DOL rescinds joint-employment, independent contractor guidance

The U.S. Department of Labor (DOL) has withdrawn two major Obama-era guidance documents, one addressing joint employment and one dealing with independent contractors.

The move, while not a surprise, is good news for employers, according to H. Juanita Beecher, an attorney with Fortney & Scott and editor of Federal Employment Law Insider. The Obama administration tried to find a way to deal with shifting employer-employee relationships, she said. The effort included a focus on outsourcing and the use of staffing companies as well as a big push to examine whether independent contractors were actually employees. By rescinding the guidance documents, the DOL is backing off its “aggressive” initiative, Beecher said.

The Society for Human Resource Management (SHRM) called for the DOL to rescind the documents during a congressional hearing earlier this year, arguing they complicated an already complex area of the law. A nonpartisan think tank, however, defended the documents, arguing they adopted existing case law and provided needed clarity on new issues created by the 21st century economy.

Guidance documents

The two documents, released by the Wage and Hour Division (WHD), were Administrator Interpretations (AIs). The first AI rescinded was FLSA2015-1, The Application of the Fair Labor Standards Act’s “Suffer or Permit” Standard in the Identification of Employees Who Are Misclassified as Independent Contractors (issued July 15, 2015). The document narrowed the DOL’s interpretation of “independent contractor” and declared that “most workers are employees” under the Fair Labor Standards Act’s (FLSA) broad definitions. The guidance directed employers to use a six-factor test to evaluate the economic reality of the situation when classifying workers.

The second AI, FLSA2016-1, Joint Employment under the Fair Labor Standards Act and Migrant and Seasonal Agricultural Worker Protection Act (issued January 20, 2016), clarified that the DOL believed joint employment can exist, for FLSA purposes, in two circumstances: (1) when an employee has two or more separate but related or associated employers and (2) when one employer provides labor to another employer and the workers are economically dependent on both employers.

Employer takeaway

The DOL released few details about the rescission, saying only:

Removal of the [AIs] does not change the legal responsibilities of employers under the [FLSA] and the Migrant and Seasonal Agricultural Worker Protection Act, as reflected in the department’s long-standing regulations and case law. The department will continue to fully and fairly enforce all laws within its jurisdiction, including the [FLSA] and the Migrant and Seasonal Agricultural Worker Protection Act.

The DOL confirmed that the announcement referred to FLSA2015-1 and FLSA2016-1, which already have been removed from its website, but declined to say whether the rescission will affect related documents such as DOL fact sheets, which were still live.

Beecher, however, said she expects supporting documents to be removed soon. Those documents could include, among others, Fact Sheet #35: Joint Employment Under the Fair Labor Standards Act (FLSA) and Migrant and Seasonal Agricultural Worker Protection Act (MSPA) (issued in January 2016) and Fact Sheet #28N: Joint Employment and Primary and Secondary Employer Responsibilities under the Family and Medical Leave Act (FMLA) (issued in January 2016).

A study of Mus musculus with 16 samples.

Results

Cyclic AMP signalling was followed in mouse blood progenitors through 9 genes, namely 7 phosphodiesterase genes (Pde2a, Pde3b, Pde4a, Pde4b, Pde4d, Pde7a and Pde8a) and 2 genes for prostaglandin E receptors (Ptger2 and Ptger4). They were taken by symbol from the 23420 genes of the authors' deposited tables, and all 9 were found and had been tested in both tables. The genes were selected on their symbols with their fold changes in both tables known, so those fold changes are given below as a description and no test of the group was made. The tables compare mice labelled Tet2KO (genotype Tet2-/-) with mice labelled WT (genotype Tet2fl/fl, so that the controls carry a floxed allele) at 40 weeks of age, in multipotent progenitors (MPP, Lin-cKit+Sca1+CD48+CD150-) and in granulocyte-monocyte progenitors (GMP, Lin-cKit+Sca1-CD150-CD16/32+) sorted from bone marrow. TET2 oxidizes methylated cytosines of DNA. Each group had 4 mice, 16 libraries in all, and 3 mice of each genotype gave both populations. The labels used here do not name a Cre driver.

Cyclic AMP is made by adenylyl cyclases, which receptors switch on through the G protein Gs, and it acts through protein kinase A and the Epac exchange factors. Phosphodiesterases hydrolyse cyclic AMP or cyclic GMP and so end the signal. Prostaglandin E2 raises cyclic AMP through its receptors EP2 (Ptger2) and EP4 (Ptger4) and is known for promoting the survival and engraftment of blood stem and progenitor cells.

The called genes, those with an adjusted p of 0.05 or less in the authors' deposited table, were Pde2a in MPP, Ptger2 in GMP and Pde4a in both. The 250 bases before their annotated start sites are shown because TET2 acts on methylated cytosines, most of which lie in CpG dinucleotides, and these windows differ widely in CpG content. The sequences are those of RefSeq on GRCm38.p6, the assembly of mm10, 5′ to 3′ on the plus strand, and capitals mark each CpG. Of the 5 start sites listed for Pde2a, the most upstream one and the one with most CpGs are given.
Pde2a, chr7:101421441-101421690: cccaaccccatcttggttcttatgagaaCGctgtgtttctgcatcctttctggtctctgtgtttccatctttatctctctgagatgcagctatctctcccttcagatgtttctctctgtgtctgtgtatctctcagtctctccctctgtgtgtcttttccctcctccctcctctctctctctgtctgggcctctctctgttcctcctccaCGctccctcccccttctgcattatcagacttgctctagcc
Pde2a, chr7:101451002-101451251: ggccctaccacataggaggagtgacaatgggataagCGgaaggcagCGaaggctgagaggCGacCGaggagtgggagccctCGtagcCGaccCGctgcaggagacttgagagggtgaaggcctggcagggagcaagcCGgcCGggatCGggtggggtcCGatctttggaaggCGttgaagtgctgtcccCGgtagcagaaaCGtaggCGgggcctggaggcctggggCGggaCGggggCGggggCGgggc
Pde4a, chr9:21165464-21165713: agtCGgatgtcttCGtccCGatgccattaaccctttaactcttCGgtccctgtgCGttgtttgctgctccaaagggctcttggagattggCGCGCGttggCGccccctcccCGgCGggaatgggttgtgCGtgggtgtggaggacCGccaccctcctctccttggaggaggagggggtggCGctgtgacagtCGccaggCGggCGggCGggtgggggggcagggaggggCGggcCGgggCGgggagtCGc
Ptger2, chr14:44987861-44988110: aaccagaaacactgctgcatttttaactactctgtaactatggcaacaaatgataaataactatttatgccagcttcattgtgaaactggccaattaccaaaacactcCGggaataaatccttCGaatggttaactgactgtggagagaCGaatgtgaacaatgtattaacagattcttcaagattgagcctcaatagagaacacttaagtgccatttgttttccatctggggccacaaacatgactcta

For now, that means the DOL will address the issues the way it did under the Bush administration, Beecher said. Joint employment wasn’t a new issue created by the Obama administration, she noted; it just expanded the definition.

Meanwhile, employers also should be aware of joint-employment test adopted by applicable courts. Federal appellate courts have adopted various approaches for determining joint employment in recent years. The U.S. 4th Circuit Court of Appeals (which covers Maryland, North Carolina, South Carolina, Virginia, and West Virginia) added to the array of tests just this year, rejecting other courts’ rulings and adopting its own two-step, six-factor test.

What’s next?

Under the Obama administration, the National Labor Relations Board (NLRB) adopted interpretations similar to those in the DOL’s AIs for enforcing the National Labor Relations Act (NLRA), Beecher noted. So it’s possible the Board will change course as well. That would take some time, however, because the Board adopts its positions through rulings (as opposed to publications) and will still have an Obama administration General Counsel for a few more months.

Also, employers might see movement in the opposite direction. One agency to watch is the Equal Employment Opportunity Commission (EEOC), Beecher said. Earlier this year, Acting Chair Victoria A. Lipnic said during a panel discussion that she intends to focus on the evolution of employment relationships, giving special attention to employers’ joint-employment responsibilities, the use of staffing agencies, and the “gig economy.”

Congress also has shown interest in addressing gig worker issues, Beecher noted. For example, bills in both the House and the Senate would test portable benefits for independent contractors, temporary employees, and self-employed individuals.

About Kate McGovern Tornone:
Kate Tornone is an editor at BLR. She has almost 10 years’ experience covering a variety of employment law topics. Before coming to BLR, she served as editor of Thompson Information Services’ ADA and FLSA publications, coauthored the Guide to the ADA Amendments Act, and published several special reports. She graduated from The Catholic University of America in Washington, D.C., with a bachelor of arts in media studies. Kate can be reached at ktornone@blr.com.